Commentary

Americans Favor Savings Accounts

A.T. Papathanasis provides a detailed, but flawed, analysis of President Bush’s plans to reform Social Security using Individual Savings Accounts [Other Opinion, March 8, “Social Security Still Beats President’s Plan”].

Rather than analyze the proposals of the president’s reform commission, Papathanasis bases his analysis on a simple example given by President Bush: A worker who invested his payroll taxes in a stock mutual fund could retire today with an income more than three times greater than with Social Security.

Contrary to Papathanasis’ claims, President Bush’s example excluded taxes paid to survivors and disability portions of Social Security, which under the president’s reform proposals wouldn’t change. Social Security’s actuaries find that even when all retirement, disability and survivor benefits are included, Social Security’s real annual return for an average single male born today will be just 1.2 percent.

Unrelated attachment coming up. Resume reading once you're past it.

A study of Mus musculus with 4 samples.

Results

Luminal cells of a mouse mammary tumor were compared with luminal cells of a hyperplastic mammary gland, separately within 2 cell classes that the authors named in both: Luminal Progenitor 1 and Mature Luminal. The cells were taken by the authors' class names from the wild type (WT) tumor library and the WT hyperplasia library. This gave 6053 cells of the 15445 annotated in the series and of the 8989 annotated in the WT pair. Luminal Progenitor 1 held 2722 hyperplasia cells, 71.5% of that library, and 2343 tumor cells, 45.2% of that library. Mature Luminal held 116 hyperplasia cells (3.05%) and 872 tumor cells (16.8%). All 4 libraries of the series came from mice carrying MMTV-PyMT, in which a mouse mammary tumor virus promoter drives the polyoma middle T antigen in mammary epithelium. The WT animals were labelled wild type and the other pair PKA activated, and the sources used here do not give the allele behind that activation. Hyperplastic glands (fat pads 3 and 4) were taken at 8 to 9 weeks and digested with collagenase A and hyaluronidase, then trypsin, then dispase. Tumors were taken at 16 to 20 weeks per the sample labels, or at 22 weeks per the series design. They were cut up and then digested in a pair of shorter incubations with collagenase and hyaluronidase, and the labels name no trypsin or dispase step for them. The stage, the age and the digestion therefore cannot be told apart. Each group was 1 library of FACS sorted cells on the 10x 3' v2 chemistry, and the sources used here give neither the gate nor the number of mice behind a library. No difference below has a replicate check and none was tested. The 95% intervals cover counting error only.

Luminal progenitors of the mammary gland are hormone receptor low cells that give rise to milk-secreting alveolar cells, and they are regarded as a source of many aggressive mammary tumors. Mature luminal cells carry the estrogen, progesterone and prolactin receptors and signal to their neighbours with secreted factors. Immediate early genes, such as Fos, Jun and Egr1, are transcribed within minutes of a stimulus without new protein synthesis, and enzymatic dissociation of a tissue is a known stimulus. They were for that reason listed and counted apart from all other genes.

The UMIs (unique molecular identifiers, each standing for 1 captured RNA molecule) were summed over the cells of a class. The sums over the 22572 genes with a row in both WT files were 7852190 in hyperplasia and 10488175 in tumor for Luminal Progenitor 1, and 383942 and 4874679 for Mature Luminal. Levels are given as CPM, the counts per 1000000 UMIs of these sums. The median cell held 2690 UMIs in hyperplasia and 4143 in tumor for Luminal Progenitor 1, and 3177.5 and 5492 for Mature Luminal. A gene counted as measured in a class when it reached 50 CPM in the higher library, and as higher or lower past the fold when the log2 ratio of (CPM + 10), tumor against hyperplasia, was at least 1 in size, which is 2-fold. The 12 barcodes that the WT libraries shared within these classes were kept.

Papathanasis claims administrative costs would equal 3 percent of the account’s value. Social Security’s independent actuaries estimate costs of just 0.3 percent. Some experts believe they could be lower.

President Bush’s plans also do not assume that workers invest only in stocks; they could also choose government and corporate bonds. The default portfolio was assumed to hold only 50 percent stocks. Workers nearing retirement would likely move entirely into bonds.

Despite Mr. Papathanasis’ claims, more than 20 countries have successfully addressed their public pension problems by adopting reforms based on personal accounts. A recent Gallup poll showed two-thirds of Americans still favor ISAs.

Andrew G. Biggs is a Social Security analyst and assistant director of the Cato Institute’s Project on Social Security Choice.